Repair and e-waste takeback

Top three benefits:

  • Reduce the environmental footprint of the company and help manufacturers comply with (new) regulations such as Extended Producer Responsibility (ERP).
  • Improve customer satisfaction by offering repair and replacement beyond the warranty period, or selling refurbished items that are more affordable to customers. 
  • Create new income opportunities for sales agents or informal workers that are trained on repair and product collection. 

Top three challenges:

  • Consumer awareness on the impact of e-waste might be low. 
  • E-waste recovery can be costly and complex, with small margins, meaning the business case might be challenging. 
  • Repairing and refurbishing of e-waste requires technical skills and facilities (last mile distributors might want to partner with existing e-waste companies and only offer product collection and reverse logistics).

    Photo credit: SolarAid/Jamiel Banda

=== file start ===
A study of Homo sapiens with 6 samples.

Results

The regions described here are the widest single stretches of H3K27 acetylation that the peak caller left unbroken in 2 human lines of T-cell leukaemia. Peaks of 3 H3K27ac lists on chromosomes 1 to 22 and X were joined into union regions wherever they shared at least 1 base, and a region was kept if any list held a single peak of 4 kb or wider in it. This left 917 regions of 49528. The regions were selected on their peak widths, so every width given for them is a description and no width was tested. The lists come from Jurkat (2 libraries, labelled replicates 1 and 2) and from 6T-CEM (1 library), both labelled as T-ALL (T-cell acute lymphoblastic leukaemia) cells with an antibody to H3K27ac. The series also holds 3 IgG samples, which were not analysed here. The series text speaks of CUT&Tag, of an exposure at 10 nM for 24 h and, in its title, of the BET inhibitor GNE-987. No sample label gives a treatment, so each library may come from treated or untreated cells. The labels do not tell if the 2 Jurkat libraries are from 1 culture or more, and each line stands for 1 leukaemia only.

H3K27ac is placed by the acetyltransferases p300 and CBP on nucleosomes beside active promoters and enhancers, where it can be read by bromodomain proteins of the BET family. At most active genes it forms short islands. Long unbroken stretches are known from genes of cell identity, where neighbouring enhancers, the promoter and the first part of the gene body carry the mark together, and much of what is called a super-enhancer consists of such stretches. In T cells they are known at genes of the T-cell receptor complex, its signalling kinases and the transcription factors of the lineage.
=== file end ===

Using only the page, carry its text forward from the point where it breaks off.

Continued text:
• SolarAid (GDC member) is combating e-waste by creating repair manuals and training their agents in Zambia (read more).
  • InnoNeat is a Kenyan startup that manufactures refurbished batteries for solar home systems. 
  • WEEE Centre in Kenya collects, repairs and refurbishes e-waste through a network of collection centres.
  • In the REWMOS project, Solibrium Solar piloted a business model for electrical waste management and recycling of solar home system components.
  • Let us know who else should be on this list


  • SolarAid’s repair app is freely downloadable on the Google Play Store for Android users. 
  • The MECS programme studied the opportunities and limitations of end-of-life management for appliances.
  • GOGLA‘s e-waste toolkit helps off-grid solar companies to address the main challenges of e-waste management such as e-waste regulation and consumer awareness raising.